PARIS — In a major shakeup at the world’s second-largest retailer, Carrefour said on Thursday that Daniel Bernard, its chairman and chief executive for the last 13 years, has resigned.
Bernard is set to be replaced by Luc Vandevelde, the Belgian executive who oversaw the restructuring of Britain’s Marks & Spencer, who will become president of the supervisory board, and Jose-Louis Duran, Carrefour’s chief financial officer, who was named president of the management board.
The changes appear to validate speculation over the last few months that Carrefour’s controlling family shareholders had lost patience with Bernard’s attempts to stimulate its sales, especially at its core French hypermarkets.
Investors were particularly annoyed when Bernard issued a profit warning in October only two weeks after pledging to meet financial targets for 2004.
Vandevelde, 53, who gave up his position as chairman of Promodes after the French retailer merged with Carrefour in January 2000, has represented the Halley family’s interests on Carrefour’s board over the last year. The Halleys — former owners of Promodes — control 13 percent of Carrefour, with the March family owning about 4 percent and about 25 percent of the voting rights split between them.
Rumors have regularly surfaced over the last year that Vandevelde would replace Bernard. A polished, dynamic executive with a blunt style, Vandevelde competed with Carrefour during his time at Promodes and then went on to restructure Marks & Spencer as its chairman and ceo during its last run of difficulties in the Nineties. Despite immense skepticism that Vandevelde had the experience to run the British retailer, he confounded critics by simplifying its sourcing, slashing overheads and introducing new, more fashion-forward apparel collections. However, Marks & Spencer began to unwind once Vandevelde stepped down from day-to-day management and Roger Holmes took over as its ceo. Holmes was ousted last year and replaced by current ceo Stuart Rose, although the retailer continues to lose market share.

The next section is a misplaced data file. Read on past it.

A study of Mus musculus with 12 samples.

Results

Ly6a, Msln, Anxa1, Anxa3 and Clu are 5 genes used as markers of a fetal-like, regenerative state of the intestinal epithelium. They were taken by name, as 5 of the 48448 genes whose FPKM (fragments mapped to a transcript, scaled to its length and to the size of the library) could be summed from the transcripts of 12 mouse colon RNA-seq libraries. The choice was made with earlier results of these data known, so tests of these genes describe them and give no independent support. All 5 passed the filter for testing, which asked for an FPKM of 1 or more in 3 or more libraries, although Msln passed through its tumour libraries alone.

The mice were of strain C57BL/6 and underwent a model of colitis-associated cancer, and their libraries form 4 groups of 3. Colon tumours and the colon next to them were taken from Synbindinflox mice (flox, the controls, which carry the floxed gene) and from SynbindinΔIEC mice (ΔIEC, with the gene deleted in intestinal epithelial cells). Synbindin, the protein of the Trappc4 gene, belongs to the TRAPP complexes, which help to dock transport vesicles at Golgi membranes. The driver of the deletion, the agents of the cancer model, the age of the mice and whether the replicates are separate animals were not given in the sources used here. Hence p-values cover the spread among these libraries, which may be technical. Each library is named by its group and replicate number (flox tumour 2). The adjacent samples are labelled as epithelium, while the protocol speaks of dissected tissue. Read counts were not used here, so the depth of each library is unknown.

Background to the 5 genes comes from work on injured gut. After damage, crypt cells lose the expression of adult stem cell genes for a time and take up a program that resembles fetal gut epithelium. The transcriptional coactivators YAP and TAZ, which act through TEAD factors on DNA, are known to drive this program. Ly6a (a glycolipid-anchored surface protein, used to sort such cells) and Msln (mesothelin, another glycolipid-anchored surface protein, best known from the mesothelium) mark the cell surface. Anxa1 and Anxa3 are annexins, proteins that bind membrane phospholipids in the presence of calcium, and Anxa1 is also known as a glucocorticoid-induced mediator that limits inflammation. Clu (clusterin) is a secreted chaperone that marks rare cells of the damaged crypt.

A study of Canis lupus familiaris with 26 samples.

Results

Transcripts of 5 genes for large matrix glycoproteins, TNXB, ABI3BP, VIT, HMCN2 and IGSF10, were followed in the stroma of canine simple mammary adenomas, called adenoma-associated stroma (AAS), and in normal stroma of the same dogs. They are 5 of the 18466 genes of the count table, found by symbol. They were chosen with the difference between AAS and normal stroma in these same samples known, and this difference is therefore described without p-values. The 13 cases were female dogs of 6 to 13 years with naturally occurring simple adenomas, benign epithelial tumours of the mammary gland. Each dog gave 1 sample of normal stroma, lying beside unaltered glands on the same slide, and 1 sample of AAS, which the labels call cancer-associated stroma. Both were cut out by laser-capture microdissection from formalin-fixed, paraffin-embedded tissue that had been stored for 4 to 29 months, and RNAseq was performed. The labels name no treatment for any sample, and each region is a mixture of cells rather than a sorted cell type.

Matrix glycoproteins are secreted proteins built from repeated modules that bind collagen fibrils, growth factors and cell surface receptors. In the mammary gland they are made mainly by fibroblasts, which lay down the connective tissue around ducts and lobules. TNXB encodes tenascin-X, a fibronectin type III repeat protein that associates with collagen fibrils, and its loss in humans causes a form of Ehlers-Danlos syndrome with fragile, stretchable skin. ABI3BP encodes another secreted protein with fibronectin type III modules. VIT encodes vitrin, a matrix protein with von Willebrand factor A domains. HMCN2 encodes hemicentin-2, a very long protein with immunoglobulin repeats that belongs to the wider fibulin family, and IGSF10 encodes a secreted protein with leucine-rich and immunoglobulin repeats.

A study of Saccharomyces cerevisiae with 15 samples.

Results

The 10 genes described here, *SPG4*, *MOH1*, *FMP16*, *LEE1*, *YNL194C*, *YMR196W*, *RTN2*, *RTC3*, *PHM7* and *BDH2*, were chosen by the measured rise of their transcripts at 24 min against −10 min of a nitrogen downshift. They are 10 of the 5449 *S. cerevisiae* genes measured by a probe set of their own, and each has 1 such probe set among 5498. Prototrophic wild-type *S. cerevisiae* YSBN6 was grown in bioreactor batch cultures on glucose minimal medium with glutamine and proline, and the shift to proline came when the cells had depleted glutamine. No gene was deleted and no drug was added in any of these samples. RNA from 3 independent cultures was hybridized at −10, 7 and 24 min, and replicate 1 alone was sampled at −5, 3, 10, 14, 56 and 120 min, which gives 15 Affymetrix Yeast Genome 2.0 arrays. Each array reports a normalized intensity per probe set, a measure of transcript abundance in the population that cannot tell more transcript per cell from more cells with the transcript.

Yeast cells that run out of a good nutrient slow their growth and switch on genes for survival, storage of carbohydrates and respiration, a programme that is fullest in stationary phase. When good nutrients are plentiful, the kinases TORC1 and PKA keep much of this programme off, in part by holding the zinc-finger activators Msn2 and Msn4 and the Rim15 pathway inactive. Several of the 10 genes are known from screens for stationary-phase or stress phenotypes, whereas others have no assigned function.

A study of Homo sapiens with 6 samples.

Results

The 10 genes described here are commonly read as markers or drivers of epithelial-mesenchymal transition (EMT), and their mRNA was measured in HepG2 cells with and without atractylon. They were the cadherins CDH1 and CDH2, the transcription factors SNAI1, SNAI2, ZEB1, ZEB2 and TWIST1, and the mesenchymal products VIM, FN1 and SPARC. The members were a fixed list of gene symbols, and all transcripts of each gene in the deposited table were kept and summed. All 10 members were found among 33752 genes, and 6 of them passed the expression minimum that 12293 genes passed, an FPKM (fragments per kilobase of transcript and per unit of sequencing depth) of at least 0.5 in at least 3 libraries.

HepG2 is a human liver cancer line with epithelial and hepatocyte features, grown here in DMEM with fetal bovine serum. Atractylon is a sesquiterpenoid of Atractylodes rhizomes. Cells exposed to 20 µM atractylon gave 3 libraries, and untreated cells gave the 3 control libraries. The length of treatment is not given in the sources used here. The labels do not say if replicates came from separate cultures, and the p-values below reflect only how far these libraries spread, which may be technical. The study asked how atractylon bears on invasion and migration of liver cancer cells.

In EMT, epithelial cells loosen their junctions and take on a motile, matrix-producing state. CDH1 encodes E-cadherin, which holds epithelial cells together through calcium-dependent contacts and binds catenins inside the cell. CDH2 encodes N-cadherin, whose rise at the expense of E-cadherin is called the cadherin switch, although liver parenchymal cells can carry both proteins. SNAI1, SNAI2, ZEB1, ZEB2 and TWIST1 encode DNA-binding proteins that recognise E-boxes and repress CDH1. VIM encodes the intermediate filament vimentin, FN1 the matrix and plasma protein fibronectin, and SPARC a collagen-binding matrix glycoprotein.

Carrefour’s merger with Promodes strengthened its position as the world’s number-two retailer behind Wal-Mart. If Wal-Mart’s U.S. operations are excluded, Carrefour actually is bigger than the Bentonville behemoth and, in most cases, has had longer and more consistent success abroad than has Wal-Mart. But the Carrefour-Promodes merger never resulted in the synergies originally forecast by Bernard and Carrefour has struggled over the last few years in its domestic market against increased competition from the likes of Auchan, Leclerc and deep-discount food retailers such as Aldi.